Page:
Broadband News from Another Planet…

Local ballots in 17 [Colorado] counties all resulted in voters electing to allow their local governments to offer broadband service in competition with private cable companies. The vote overturns a 2005 law that prevented any government agency from competing in the broadband space. Full article here.

In Mason, NH, both the town and school routers are password protected, so webbing while being bored during a executive session is a bother (and yes the selectmen and school board hold a lot of executive sessions).

Heaven forbid that that browser cookies point back to purient sites and results in a fate that apparently befell New Ipswich Fire Chief David Leel see here; but portable devices that might store traceable cookies are taken home, so we have no idea what our local officials might be worried about. Rumor has it that the school firewall protects our children, so the SAU should have even less concerns.

(cough) Town Officials reading the Gazette on town (cough) computers an acceptable use?

1 comment for “Broadband News from Another Planet…

  1. cloudnavigator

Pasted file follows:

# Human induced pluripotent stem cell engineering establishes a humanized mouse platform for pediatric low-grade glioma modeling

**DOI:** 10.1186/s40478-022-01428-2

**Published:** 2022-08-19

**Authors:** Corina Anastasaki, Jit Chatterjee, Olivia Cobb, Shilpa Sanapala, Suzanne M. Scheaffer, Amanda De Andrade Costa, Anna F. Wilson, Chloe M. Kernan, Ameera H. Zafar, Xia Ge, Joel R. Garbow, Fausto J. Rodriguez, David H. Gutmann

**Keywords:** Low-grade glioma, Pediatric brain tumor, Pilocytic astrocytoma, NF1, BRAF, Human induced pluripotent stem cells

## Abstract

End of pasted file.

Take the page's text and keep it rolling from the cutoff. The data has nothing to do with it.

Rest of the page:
November 6, 2015 at 08:48

    Well, this is hardly surprising news since 20 states prohibit cities and towns from building publicly owned broadband infrastructure. The FCC is moving against these anti-democratic and anti-competitive laws in Tennessee and North Carolina. The legislation to protect the incumbent cable and telco oligopoly emanated from the American Legislative Exchange Council or ALEC. ALEC promotes extremely conservative legislative efforts to enact into law the wishes of their corporate funding sources. ALEC provides “model” legislation to state legislators who then proceed to vote for laws that are against the interests of their constituents. This is typically accomplished through campaign contributions provided by lobbyists, who represent corporations who are members of ALEC. It is rule of, buy and for the corporations. Looks like the voters in 17 counties in Colorado have had enough of corporate rule when it comes to providing broadband network infrastructure and services. Cities and towns in NH face a similar hurdle because the state has not yet made it legal for cities and towns to bond for publicly owned broadband infrastructure with voter approval.